Think of the term luxury and the name Montblanc should come to mind. For more than 100 years, the German brand has been the first choice for those who seek understated design but of the highest quality materials and details.
And while Montblanc might have written its name into the history books with its impeccable writing instruments, their line of leather goods – bags, wallets and accessories – have become synonymous with exquisite craftsmanship that balances contemporary aesthetics.
Last year, the company announced that Marco Tomasetta would be joining as Creative Director, bringing Montblanc into a new era of production. One that would further push the brand into the new hybrid world of luxury, formality and leisure.
ICON was able to chat to Marco during the launch of Montblanc’s new collection that integrates their writing heritage with the growing leathergood and accessories offering.
ICON: You’ve previously worked at some of the biggest fashion houses such as Louis Vuitton, Chloe and Givenchy. How will your background influence your tenure at Montblanc which isn’t a fashion house?
Marco: Every one of my roles has been an enriching experience and different in its own way. I have been really fortunate to work with some incredibly iconic luxury brands and I have brought something from each of those roles into the next one. Longevity and relevance for any brand comes from the ability to constantly reimagine itself, while never losing sight of the unique attributes that made it stand out from the beginning. The fact that Montblanc is not a fashion house but I diversified luxury brand is what makes this role so exciting to me. I will apply my experience reimagining brands and design to find new ways to remind existing and prospective customers of the attributes that have made Montblanc extraordinary for over 115 years.
Montblanc’s heritage is one in subtle, yet playful. What is your vision for the brand?
My task is to develop a cohesive global creative vision, rather than a very category-focused approach, making sure everything is connected across the Montblanc universe. Part of that vision is identifying that red thread that connects everything. The success of Montblanc design is encapsulated in some of its most iconic designs, and few objects in the world of luxury are as iconic as the Meisterstück writing instrument, so I kept thinking how can we be bolder and braver in design while finding our creative identity in the very object that makes the brand so recognised globally. Montblanc unmatched position as a pioneer of the culture of writing and a lot of the creative vision is to really elevate that. There is so much to work with already within the Montblanc universe and heritage, so this is about pulling things through in bolder, more exciting ways.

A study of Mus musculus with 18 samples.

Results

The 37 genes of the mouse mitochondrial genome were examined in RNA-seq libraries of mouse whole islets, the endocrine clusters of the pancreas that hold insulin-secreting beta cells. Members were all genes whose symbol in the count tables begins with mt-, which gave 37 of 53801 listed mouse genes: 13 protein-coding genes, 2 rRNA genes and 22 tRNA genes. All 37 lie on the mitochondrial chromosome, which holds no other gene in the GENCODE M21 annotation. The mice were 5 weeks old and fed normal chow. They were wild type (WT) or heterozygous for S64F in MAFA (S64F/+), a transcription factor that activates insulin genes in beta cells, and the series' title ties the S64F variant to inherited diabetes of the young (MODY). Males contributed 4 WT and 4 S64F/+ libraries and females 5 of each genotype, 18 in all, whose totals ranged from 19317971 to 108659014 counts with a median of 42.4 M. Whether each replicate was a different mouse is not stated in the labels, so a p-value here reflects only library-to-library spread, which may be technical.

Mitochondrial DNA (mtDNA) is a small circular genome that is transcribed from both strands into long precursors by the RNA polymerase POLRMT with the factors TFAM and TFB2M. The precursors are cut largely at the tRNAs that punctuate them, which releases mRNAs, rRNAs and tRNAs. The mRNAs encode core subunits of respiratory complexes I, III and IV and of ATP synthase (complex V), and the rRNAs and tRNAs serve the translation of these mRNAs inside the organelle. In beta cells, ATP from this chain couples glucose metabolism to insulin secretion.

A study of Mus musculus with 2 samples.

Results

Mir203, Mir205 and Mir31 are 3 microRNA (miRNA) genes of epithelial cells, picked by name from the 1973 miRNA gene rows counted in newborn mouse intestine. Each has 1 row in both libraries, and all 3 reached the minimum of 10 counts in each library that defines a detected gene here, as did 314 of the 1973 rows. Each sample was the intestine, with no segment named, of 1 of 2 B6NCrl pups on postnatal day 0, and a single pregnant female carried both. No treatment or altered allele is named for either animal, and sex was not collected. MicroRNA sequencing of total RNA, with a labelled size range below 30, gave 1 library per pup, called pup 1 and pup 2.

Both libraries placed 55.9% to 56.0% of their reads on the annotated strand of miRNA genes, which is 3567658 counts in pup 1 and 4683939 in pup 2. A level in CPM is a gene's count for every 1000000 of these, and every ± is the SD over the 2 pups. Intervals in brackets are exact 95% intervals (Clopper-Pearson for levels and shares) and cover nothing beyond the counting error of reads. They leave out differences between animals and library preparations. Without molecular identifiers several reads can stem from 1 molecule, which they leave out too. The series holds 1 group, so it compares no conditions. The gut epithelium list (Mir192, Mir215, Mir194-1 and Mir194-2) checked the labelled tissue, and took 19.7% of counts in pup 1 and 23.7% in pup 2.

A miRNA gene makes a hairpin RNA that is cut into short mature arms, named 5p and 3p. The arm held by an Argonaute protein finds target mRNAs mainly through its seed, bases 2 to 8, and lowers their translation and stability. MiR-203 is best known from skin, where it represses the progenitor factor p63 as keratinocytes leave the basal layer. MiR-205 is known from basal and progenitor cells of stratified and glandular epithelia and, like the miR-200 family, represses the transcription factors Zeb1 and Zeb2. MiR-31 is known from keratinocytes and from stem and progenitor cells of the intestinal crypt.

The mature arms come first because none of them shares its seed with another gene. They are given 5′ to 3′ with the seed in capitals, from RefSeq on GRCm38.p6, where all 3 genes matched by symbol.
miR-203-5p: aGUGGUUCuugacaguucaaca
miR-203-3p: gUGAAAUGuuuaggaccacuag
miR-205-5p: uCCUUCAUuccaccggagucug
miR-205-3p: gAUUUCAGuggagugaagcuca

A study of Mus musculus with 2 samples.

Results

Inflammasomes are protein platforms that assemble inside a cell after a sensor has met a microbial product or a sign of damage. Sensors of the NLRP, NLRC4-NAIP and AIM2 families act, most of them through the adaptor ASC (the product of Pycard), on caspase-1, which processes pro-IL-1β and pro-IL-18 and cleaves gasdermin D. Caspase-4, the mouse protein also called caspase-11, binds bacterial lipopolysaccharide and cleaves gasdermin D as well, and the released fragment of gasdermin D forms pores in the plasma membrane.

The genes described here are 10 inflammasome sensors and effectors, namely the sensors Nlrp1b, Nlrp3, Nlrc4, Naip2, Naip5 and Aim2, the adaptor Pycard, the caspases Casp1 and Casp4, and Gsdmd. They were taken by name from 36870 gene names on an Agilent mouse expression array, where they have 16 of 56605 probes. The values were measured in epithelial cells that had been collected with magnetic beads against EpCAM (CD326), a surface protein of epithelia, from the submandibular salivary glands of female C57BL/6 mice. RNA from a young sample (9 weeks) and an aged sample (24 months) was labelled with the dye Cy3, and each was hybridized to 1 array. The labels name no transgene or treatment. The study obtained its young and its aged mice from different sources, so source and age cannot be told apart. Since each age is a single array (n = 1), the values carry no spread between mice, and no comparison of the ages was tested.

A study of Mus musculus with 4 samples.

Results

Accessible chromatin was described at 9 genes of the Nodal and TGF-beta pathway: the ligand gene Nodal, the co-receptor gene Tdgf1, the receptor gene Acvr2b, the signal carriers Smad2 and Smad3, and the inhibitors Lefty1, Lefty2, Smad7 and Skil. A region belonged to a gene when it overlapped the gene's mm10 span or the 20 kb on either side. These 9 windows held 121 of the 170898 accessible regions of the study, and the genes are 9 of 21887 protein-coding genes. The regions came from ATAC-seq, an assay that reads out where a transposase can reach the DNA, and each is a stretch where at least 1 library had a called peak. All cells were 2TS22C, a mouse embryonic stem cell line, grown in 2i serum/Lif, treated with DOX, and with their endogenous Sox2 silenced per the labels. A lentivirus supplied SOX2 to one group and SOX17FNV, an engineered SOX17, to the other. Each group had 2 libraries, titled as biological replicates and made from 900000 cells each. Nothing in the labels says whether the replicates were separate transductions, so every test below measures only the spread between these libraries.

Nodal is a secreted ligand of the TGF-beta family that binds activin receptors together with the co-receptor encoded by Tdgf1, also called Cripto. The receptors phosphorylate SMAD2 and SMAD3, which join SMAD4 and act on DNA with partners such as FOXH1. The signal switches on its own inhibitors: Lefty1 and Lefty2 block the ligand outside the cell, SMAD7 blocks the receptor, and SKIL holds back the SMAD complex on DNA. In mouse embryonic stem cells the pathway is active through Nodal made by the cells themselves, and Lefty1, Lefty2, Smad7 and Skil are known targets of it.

Balancing heritage and innovation will be a key part of your role as Creative Director. Which one do you place more emphasis on?
It’s always a fine balance, however both have lived successfully side by side in the world of Montblanc for so many years, so I don’t think the focus should be necessarily on trying to decide what to place more emphasis on, but rather thinking about what makes sense to our customers. Montblanc is on a journey to establish itself as the Maison of Luxury Business Lifestyle, creating products that align with its mission to inspire people to do leave their mark by doing what moves them in life, and achieve their path to success in their own unique ways. They require innovative products that are grounded in a sense of belonging, and heritage. It‘s about products with functionalities and design that have true purpose and meaning in their lives. There is so much quality and depth to Montblanc’s heritage, it’s just about applying it in fresh, and creative ways.
The traditional idea of men’s accessories has slowly been changing – men are now happily carrying handbags for themselves, for example. Is this genderless approach to accessories and style something that Montblanc sees in its own future?
I don’t think a more gender neutral approach is new to Montblanc in reality as many of our pieces have been used by both men and women, and are not really categorised by gender as much as they are by their design identity or their functionality. I do think that a younger customer does not want to be defined in the same way, or define their chosen products in that way. They just want design they can relate to and formats that meet their needs.
What are the most important elements for you when designing a new collection?
I always start with the archive to understand the origins and the evolution of the brand and its design identity. With Montblanc, that was a fascinating experience because there is so much history and moments of innovation. I also consider functionalities of each product. Will it truly serve its owner in a way that matters? Quality is a critical element and non-negotiable for a brand like Montblanc, after its logo is the snowcap emblem, representing the summit of excellence. Finally, collections have to have a surprising factor so that’s where research on new materials, textures and prints come into play, as well as thinking about sustainability factors.
Where do you seek inspiration while developing concepts or ideas for new collections?
I am a keen observer, so I watch the world around me with great attention. I also get a lot of inspiration from my travels, the books I read, the films I watch and the music I love to listen to. But above all, the most exciting source of inspiration is observing the everyday. How people interact, how they lead their lives, what matters to them, and moves them. That’s ultimately who I am designing for.